SUP Against SUPFrom The Field
Sian Sykes is paddleboarding for 60 days, circumnavigating Wales via the coastland, rivers and inland waterways, to raise awareness of the impact of single-use plastic. This is the SUP against SUP expedition. Ian Finch joins her for the first leg of her journey.
As an expedition photographer my role and passion is to capture the interplay between a human journey and the innate connection with their natural environment. At this juncture, where two powerful forces entwine, I believe there are wonderful visual stories to be told.
I’d seen images of Sian’s paddleboarding expeditions through the rhythm and rush of social media. I’d also read of her thought-provoking environmental stance on the overuse of single-use plastics. Before long, the intertwining vine of adventure found me assigned to photograph her latest passion project, a two-month circumnavigation of Wales by paddleboard. Starting at the mouth of the River Dee, Sian’s expedition outline was to paddle the boundary of Wales in three phases, via canals, rivers, and finally the ocean.
During this lengthy journey she will raise awareness of the environmental impact of single-use plastics, along with the alarming pollution of our urban, rural, and coastal waterways. Not only will she be paddling for 60 days, she will be clearing the river systems as she goes – sadly a near-overwhelming task. For Sian to connect authentically to the underpinning ethos, the entire expedition is single-use plastic free, from her toiletries to her food.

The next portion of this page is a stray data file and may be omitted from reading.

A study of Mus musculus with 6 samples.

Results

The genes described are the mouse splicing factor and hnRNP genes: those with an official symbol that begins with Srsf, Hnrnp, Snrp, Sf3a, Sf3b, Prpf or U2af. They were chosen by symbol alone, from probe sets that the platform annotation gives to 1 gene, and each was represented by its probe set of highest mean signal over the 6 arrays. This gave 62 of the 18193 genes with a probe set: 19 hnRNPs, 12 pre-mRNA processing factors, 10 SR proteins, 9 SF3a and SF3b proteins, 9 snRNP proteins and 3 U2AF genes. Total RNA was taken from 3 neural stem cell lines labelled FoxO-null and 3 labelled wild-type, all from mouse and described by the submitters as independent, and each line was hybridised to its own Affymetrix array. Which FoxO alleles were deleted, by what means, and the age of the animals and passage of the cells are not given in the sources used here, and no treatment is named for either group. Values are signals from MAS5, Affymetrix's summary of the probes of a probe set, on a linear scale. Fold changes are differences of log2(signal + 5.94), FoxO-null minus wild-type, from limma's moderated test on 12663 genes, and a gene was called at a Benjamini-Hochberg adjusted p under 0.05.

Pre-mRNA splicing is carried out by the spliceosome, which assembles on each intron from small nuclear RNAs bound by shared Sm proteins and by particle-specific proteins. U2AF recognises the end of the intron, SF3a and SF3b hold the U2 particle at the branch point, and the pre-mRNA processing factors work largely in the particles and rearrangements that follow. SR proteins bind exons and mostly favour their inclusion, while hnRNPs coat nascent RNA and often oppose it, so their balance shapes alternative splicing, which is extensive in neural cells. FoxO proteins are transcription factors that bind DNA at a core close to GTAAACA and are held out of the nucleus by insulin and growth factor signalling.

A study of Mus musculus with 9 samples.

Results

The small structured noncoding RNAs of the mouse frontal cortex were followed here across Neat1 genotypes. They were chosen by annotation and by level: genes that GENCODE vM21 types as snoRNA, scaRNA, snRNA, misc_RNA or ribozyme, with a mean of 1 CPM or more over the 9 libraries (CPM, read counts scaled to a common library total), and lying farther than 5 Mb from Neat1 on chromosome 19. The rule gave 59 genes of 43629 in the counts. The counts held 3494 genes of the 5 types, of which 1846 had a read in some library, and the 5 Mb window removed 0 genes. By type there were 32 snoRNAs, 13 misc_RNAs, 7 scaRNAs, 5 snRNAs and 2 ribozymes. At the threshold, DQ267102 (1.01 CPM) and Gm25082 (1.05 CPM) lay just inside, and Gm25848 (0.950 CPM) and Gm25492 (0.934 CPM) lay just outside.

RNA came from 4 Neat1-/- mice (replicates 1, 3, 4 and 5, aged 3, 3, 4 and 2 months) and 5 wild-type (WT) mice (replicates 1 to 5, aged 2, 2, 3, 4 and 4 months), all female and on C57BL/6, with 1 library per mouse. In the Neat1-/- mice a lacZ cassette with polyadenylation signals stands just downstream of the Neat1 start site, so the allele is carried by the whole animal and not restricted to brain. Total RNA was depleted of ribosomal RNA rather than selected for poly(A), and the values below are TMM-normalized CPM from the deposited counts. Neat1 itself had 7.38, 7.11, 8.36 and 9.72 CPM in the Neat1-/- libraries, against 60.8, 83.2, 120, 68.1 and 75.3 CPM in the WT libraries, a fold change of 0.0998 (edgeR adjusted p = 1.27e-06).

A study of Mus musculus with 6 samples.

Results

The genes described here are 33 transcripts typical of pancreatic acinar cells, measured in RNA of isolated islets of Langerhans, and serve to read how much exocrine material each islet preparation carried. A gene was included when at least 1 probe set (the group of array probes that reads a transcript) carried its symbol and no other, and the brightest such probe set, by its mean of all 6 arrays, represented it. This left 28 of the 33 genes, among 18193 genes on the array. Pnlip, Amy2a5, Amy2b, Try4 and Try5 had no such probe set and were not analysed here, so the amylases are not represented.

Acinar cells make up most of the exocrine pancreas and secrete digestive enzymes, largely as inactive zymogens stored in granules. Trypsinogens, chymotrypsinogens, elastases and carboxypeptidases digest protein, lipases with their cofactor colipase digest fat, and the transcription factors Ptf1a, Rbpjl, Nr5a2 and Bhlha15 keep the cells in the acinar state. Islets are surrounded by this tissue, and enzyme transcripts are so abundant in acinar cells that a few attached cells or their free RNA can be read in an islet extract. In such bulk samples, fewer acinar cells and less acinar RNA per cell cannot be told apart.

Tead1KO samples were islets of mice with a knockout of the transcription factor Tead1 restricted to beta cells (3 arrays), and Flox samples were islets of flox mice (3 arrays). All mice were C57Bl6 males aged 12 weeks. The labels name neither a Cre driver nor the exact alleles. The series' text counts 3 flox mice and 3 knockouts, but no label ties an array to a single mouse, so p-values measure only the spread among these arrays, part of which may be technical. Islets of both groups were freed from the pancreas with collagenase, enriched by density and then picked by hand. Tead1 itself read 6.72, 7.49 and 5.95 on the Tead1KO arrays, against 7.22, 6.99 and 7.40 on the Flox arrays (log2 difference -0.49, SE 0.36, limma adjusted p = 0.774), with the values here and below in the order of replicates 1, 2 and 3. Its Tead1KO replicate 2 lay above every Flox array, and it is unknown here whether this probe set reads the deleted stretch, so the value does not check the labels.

As I walk alongside her for two days I’m drawn quietly into Sian’s immediate world. Our long discussions about adventure and connection are separated by a few metres across her arterial waterway and my constant shuffle along the muddy riverside trail, camera in hand.
Between the paddle strokes, Sian says: ‘I love being so close to the water, with the bird’s-eye view and the ever-changing reflections. We’ve got such wonderful and dramatic coasts, rivers and canals, but the common cause is that pollution, especially plastic, is littering our waterways and making its way out into the ocean. By doing this expedition I want to raise awareness and I want to shake things up. Ultimately I want to make people aware so they too can have a connection with their own urban and rural waterways, especially the coast.’
As we sit alongside the canal to rest her sore hands, she goes on to say, ‘The frightening thing is that 70 per cent of marine litter is on the sea bed, 15 per cent is washing around on the surface, and the other 15 per cent is washing up on our shores. That’s 70 per cent we don’t see. It’s quite alarming.’
Our long conversations over the bubble of stoves or between the strokes of the paddle inspire me to think about my own environmental stance towards single-use plastics. What changes can I make, how can I make my impact? Even after such a short time, I sense that although the paddleboard and the grind of this two-month journey appear to be the vehicle for her story, it’s her passionate and innate drive to protect the waterways that secretly connects everybody to the expedition. After all, we’re all in this together, right?